Anti-social citizens and out-of-town opportunists are now firmly in the sights of Calderdale Council.
As a priority fly-tippers, litterers, dog fouling, planning breachers, noise makers – business or domestic – beggars, buskers, illegal on-street parkers, vehicle abandoners and poor landlords will be targeted by a new approach after councillors approved recomendations of an Enforcement Review.
The scheme will also save money, Cabinet members heard, but there was some criticism from opposition politicians about a funding cut.
Making its decision at Halifax Town Hall, Cabinet heard Coun Susan Press (Lab, Todmorden), portfolio holder for Communities and Neighbourhood Services, outline policy which will encapsulate an operational mantra of using the right resource quickly and at the right time.
“The new approach can be summed up as robust but fair and proportionate,” she said.
Changes will also save the council, which has to find almost £1 million of cuts in 2019-20, around £100,000 in savings by the service becoming more efficient.
In particular ways of dealing with abandoned vehicles and fly-tipping will be changed, the intention being to provide an online system to do so.
It is also intended members of the public who make a complaint will be able to track it more easily so it can be seen action is being taken.
Services will be restructured to produce the best results and there is something of a carrot and stick approach, with education to encourage people to behave better and guide young people running alongside more willingness to use measures available to it to nip problems in the bud.
In the councillors’ briefing paper it said: “The review is simply about making sure the council can deal quickly, firmly and transparently with people who display the classic trait of anti-social behaviour – a lack of consideration or respect for fellow community members and who thinks laws, regulations and conventions apply to everyone but them.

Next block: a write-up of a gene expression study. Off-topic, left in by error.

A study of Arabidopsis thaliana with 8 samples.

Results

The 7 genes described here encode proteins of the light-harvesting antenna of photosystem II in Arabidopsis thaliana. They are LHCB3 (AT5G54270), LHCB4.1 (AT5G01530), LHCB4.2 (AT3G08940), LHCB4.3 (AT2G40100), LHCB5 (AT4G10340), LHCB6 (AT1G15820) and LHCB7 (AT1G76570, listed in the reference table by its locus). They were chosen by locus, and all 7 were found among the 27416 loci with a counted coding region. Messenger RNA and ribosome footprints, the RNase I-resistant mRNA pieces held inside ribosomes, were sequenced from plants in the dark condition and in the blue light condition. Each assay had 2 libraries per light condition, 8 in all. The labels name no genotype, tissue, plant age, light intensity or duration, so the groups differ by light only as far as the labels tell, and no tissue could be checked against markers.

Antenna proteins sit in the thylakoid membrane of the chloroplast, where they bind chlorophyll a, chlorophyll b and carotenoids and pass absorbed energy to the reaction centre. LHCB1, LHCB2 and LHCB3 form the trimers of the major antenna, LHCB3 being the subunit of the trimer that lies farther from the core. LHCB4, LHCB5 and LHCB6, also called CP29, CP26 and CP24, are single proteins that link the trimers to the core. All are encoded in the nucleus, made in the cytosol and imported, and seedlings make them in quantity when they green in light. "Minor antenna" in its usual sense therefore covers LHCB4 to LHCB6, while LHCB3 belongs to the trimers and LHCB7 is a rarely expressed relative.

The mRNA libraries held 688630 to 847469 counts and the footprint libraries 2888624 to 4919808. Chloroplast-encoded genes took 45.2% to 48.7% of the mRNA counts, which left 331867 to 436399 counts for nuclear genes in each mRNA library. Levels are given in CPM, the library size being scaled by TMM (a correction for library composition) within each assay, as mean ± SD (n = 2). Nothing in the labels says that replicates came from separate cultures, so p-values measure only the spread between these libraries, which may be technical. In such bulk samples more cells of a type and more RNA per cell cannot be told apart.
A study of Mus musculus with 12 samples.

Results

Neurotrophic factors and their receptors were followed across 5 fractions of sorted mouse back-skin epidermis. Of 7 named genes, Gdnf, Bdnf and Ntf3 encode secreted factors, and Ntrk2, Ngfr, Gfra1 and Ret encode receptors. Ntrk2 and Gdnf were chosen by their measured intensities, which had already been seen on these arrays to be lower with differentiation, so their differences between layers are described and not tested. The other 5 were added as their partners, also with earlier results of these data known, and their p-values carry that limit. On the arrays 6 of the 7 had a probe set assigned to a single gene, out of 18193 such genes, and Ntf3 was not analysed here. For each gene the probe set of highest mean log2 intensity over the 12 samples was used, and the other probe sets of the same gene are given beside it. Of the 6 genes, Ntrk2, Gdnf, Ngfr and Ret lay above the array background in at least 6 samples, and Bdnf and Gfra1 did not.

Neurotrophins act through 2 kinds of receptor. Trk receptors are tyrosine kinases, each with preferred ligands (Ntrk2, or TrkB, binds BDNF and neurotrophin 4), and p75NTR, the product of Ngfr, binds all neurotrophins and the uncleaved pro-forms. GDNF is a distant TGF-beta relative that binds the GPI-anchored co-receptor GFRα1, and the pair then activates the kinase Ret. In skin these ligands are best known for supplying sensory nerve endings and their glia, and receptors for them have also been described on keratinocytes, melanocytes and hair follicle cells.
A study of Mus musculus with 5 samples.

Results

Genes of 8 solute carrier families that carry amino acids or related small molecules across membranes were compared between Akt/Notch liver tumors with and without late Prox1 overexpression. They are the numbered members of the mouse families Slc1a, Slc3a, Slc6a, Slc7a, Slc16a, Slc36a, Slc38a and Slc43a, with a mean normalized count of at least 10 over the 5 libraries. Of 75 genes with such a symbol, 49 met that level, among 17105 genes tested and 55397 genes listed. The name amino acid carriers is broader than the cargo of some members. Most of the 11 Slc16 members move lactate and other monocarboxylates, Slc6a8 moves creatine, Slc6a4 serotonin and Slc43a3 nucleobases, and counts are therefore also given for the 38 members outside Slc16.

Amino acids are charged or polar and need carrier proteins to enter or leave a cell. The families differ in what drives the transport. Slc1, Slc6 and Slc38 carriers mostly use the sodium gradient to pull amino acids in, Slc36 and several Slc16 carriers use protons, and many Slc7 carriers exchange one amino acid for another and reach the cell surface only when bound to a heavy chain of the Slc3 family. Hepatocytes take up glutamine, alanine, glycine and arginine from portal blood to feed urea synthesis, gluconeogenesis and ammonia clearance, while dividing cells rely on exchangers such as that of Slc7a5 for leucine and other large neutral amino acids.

“If left unchecked, this behaviour can have a corrosive impact on the quality of life of law-abiding citizens, whether that’s through planning breaches, fly-tipping, dangerous housing conditions, poor air quality or other common forms of anti-social behaviour such as noise nuisance or dog fouling.”
Coun Bob Metcalfe (Lab, Town) said the changes would tackle exactly the sort of issues councillors heard their constituents
upset about when they brought issues to ward forums.
But Liberal Democrat Group Leader Coun James Baker (Warley), while welcoming the new direction, was critical of a decision to cut some enforcement funding.
“This issue has been close to my heart for a few years – hopefully this can achieve change.
“It is a really major problem affecting people’s day-to-day quality of life,” he said.
He was disappointed an extra £100,000 of funding for an Environmental Task Force, which had previously been agreed in budget negotiations and which would have helped tackle enforcement problems, had been cut from the budget.
“I feel it has broken the agreement we had,” said Coun Baker.
Leader of the Council, Coun Tim Swift (Lab, Town) said the saving had been introduced as being one of a number of areas which needed to be reviewed going forward.